5 things to know about oral cancer

Everyone is at risk for oral cancer, so your dentist should do an oral cancer screening every six to twelve months to catch any problems early on.  To help protect yourself, know what signs to look for and make changes to a high risk lifestyle. A dentist talks about the one change that might surprise you.

Information Text:

Dr. Jin Cho, Glendale Dental Associates: “It’s important when you see your dentist that you do ask them that they are performing an oral cancer screening/exam at every visit, if you notice something in your mouth that you let you dentist know, and finally, I think it’s important if a lesion doesn’t heal that it should be further looked at and the only way to determine if it is truly oral cancer is to have a biopsy performed.  It can be a potentially deadly disease if it’s not caught early and treated. Basically, I like to start with the lips and then work my way into the mouth.  I’m looking around the tongue.  I’m looking in the roof of the mouth, the floor of the mouth, back in the throat area. If I find something suspicious looking, I usually advise patients to return in about 2 weeks for another evaluation.  And then if it still looks highly suspicious, I usually recommend patients to go see an oral surgeon or an ENT physician to get it evaluated and potentially even biopsied.  Everyone is at risk, but if you’re a smoker, drinker, malnourished… you tend to be at risk of getting oral cancer; over the age of 40, men tend to get it at a high risk--3 to 1 compared to females.  2 drinks per day per male—you are at higher risk; one drink per day, for females, you are at higher risk.  25% of the cases every year are from people who don’t have any risk factors. There has been a link with the HPV virus and the patients that get oral cancer, so I think it’s important to understand that there is a link, but not an actual cause, but if you can practice safe sex, I think that would be very beneficial.”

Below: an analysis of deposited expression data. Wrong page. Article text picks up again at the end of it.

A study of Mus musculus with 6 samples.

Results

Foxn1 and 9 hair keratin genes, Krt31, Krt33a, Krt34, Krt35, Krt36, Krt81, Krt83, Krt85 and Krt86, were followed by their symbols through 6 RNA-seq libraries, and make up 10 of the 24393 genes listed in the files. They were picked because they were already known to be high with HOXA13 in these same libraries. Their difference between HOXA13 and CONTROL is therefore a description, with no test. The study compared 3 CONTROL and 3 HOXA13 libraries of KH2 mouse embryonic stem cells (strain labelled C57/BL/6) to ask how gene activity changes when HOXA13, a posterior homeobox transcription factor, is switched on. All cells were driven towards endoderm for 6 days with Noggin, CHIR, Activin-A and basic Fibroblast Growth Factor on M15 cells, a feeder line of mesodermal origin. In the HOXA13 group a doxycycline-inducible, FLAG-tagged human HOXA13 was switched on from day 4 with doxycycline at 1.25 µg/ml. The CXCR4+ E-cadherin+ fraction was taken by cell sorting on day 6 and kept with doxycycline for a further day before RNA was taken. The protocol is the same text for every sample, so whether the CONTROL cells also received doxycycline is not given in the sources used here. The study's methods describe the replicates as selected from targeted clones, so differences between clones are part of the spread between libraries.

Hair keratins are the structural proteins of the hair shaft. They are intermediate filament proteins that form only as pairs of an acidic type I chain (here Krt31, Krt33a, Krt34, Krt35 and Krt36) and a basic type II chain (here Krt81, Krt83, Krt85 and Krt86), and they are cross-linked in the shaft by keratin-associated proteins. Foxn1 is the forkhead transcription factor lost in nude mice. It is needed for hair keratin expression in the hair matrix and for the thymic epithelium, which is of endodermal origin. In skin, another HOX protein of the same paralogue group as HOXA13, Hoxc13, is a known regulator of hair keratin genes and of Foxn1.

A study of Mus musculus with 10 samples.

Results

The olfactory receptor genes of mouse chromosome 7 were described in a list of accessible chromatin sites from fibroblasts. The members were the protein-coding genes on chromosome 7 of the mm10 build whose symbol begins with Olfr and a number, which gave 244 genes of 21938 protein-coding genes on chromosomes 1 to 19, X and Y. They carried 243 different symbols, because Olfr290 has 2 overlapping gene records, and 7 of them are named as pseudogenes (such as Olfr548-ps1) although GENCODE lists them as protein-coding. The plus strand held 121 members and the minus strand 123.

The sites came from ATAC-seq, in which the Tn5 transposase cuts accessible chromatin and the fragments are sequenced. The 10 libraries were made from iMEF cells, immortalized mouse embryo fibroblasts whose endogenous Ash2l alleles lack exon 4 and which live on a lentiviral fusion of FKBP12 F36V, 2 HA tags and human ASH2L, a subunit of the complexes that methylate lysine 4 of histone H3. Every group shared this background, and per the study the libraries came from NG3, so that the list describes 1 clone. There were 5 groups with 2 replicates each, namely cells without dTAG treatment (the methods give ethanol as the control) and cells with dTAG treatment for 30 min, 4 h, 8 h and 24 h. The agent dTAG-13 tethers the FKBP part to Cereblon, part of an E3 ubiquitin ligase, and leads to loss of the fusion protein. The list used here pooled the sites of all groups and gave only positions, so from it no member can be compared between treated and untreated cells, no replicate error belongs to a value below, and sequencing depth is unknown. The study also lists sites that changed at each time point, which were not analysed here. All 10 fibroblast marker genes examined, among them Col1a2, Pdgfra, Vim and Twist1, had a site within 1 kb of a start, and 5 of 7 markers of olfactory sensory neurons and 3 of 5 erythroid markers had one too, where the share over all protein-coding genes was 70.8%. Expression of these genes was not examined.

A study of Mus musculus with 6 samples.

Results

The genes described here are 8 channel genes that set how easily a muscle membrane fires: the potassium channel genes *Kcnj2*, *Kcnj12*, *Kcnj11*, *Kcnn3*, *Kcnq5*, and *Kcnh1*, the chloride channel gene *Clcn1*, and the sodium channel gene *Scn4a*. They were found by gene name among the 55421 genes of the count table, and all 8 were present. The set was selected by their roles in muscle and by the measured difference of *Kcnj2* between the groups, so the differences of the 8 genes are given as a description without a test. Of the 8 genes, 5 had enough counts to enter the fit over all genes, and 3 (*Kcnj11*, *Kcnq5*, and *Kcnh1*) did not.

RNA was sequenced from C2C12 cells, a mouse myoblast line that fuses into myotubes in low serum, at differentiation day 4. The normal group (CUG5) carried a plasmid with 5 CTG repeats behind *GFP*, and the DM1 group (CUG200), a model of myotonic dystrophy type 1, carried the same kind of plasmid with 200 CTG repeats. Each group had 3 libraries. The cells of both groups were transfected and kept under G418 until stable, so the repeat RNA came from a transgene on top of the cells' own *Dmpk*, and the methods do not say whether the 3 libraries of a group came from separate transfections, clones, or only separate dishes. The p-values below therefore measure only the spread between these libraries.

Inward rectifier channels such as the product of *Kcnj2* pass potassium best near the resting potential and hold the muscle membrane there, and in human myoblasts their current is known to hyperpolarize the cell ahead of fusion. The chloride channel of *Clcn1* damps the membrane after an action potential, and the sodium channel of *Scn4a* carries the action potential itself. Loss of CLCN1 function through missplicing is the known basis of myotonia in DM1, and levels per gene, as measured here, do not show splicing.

Angie’s List Tips:

37,000 oral cancer cases diagnosed each year

Look for: Sores that don’t heal in 2 weeks

  Lumps, red or white patches

  Difficulty swallowing/chewing

Biopsy should be performed by dentist, oral surgeon, or ENT

High risk factors:  smoking; drinking alcohol daily; malnutrition; over 40; unprotected sex

Link between oral cancer & HPV


Angie’s List videographer Rachel Hardy produces videos focused on home improvement tips and trends, health care issues, and pet services.